Auditing, Compliance, Regulation, SMSF

Review loans to avoid audit issues

SMSF auditors Loans Litigation SIS regulations Audit file

SMSF auditors must prepared to substantiate their audit file with sufficient evidence in situations where an SMSF has invested in a loan.

A specialist SMSF auditor has advised practitioners to thoroughly assess the integrity of loans a fund has invested in as courts will often require a rigorous standard of documentation in the event the loan defaults and litigation is brought against them.

“The litigation that we have seen suggests that auditors have a greater responsibility where a trustee has invested in loans,” Super Sphere director Belinda Aisbett told delegates at the recent SMSF Association National Conference 2024 in Brisbane.

“I do a little bit of expert witness work [and] I’ll often be engaged by lawyers to evaluate what [an] auditor’s file looks like.

“What we see from a lot of the expert reports is that they expect the auditor to go in and check if the guarantors actually have some financial backing and can guarantee the loan, or that we go in and we evaluate the value of the assets that might underpin the loan.

“As soon as you’ve got the loans [and] they’ve gone bad, there’s this assessment of what did you do in your audit file to get comfort that the loan was fairly valued and, of course, to get comfort that it’s fairly valued, you have to be pretty happy that it’s recoverable.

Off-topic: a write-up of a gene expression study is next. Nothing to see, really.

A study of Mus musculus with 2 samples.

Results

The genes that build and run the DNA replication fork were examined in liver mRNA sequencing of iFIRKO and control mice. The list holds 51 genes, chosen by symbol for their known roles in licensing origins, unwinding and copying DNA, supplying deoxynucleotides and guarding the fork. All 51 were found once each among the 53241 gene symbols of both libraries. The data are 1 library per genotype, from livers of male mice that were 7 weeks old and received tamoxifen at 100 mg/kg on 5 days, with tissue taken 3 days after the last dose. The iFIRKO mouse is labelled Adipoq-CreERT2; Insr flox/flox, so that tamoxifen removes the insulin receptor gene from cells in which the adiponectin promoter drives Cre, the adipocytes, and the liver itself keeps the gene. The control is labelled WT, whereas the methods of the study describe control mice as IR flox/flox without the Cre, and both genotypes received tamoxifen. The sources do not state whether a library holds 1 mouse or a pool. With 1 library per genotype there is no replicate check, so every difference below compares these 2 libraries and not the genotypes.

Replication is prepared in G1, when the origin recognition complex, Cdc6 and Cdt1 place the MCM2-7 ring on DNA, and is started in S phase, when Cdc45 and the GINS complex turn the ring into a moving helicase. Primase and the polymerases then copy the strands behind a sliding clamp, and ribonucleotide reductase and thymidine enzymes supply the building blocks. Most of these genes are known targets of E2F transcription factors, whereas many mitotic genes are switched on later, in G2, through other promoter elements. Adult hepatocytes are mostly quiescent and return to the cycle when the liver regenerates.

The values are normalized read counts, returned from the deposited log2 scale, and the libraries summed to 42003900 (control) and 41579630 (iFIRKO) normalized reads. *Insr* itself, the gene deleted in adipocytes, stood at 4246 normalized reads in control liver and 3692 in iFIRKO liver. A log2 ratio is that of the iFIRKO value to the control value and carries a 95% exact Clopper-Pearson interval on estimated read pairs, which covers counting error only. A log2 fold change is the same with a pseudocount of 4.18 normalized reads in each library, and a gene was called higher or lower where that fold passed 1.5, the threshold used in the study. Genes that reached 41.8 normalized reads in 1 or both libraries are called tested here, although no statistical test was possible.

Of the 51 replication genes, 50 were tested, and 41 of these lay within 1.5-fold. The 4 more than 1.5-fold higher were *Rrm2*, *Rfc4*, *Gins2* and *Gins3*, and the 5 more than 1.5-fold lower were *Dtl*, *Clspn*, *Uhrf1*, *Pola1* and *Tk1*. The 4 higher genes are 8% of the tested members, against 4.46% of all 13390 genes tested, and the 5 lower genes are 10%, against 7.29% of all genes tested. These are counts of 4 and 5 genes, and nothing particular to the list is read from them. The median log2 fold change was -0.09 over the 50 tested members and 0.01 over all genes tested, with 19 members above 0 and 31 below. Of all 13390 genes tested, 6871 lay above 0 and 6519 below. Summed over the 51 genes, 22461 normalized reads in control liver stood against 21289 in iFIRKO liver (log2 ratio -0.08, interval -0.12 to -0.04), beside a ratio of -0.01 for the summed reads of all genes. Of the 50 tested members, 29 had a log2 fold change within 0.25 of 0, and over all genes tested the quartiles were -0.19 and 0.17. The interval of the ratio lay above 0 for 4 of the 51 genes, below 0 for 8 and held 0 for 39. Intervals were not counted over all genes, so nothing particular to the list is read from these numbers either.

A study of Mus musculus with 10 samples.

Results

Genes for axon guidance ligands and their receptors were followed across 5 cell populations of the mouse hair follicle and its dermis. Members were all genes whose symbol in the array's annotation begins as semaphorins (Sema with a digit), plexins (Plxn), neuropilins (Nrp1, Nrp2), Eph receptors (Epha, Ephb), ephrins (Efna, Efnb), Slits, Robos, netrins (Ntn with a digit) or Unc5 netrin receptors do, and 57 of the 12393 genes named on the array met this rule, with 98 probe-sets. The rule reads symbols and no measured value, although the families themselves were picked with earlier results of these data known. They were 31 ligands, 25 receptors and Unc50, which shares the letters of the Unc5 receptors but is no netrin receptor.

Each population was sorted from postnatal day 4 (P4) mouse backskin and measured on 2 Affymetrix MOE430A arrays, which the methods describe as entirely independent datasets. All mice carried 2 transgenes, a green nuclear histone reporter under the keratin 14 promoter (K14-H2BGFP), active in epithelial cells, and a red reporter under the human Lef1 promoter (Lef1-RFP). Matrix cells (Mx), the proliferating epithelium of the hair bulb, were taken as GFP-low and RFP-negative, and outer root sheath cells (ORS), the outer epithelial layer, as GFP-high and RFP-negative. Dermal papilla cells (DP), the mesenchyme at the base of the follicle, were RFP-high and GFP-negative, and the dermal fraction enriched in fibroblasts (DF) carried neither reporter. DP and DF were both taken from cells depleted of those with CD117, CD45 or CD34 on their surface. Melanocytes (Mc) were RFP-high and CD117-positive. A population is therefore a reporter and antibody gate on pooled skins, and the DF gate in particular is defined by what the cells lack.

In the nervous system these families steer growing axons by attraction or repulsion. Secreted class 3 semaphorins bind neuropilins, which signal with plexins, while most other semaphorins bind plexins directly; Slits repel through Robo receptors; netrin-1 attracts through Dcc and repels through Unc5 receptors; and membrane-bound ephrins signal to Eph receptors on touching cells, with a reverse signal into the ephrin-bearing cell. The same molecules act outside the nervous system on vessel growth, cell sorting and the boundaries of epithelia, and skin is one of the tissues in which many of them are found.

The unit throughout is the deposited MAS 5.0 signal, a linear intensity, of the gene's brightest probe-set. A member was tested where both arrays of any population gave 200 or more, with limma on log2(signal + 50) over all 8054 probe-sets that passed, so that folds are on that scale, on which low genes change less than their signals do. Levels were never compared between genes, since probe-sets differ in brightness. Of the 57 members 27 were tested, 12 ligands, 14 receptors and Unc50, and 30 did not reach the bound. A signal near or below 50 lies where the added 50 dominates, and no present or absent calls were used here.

“So there’s these huge expectations on what auditors should be doing.”

To that end, Aisbett advised practitioners there are strategies they can incorporate into their practices to mitigate the risks of an unfavourable outcome in case of litigation.

“I’ve had a lot of people over the years saying ‘as soon as there’s a loan, I just straight qualify’. Why wouldn’t you? What’s your risk? Can they sue you if the loan is unrecoverable?” she said.

“Whereas if you don’t qualify [and] you say the loans are fairly stated and the loans go bad, you’ve kind of left yourself open.

“So maybe that’s not such a bad strategy. I see a loan and it’s material, so I’m qualifying part A. If you qualify part A, you also have to qualify part B because if you don’t think the value is quite right, you have to put in part B a potential contravention of Superannuation Industry (Supervision) Regulation 8.02B.

“Consider qualifying, especially if the loan is unsecured.

“I [also] use emphasis of matters. If I’ve got a secured loan, I’m comfortable that the asset value underpinning that loan is sufficient to cover the amount that the fund has lent [and] that there’s a formal loan agreement. I’ve got no alarm bells going off that this loan is going to be problematic.”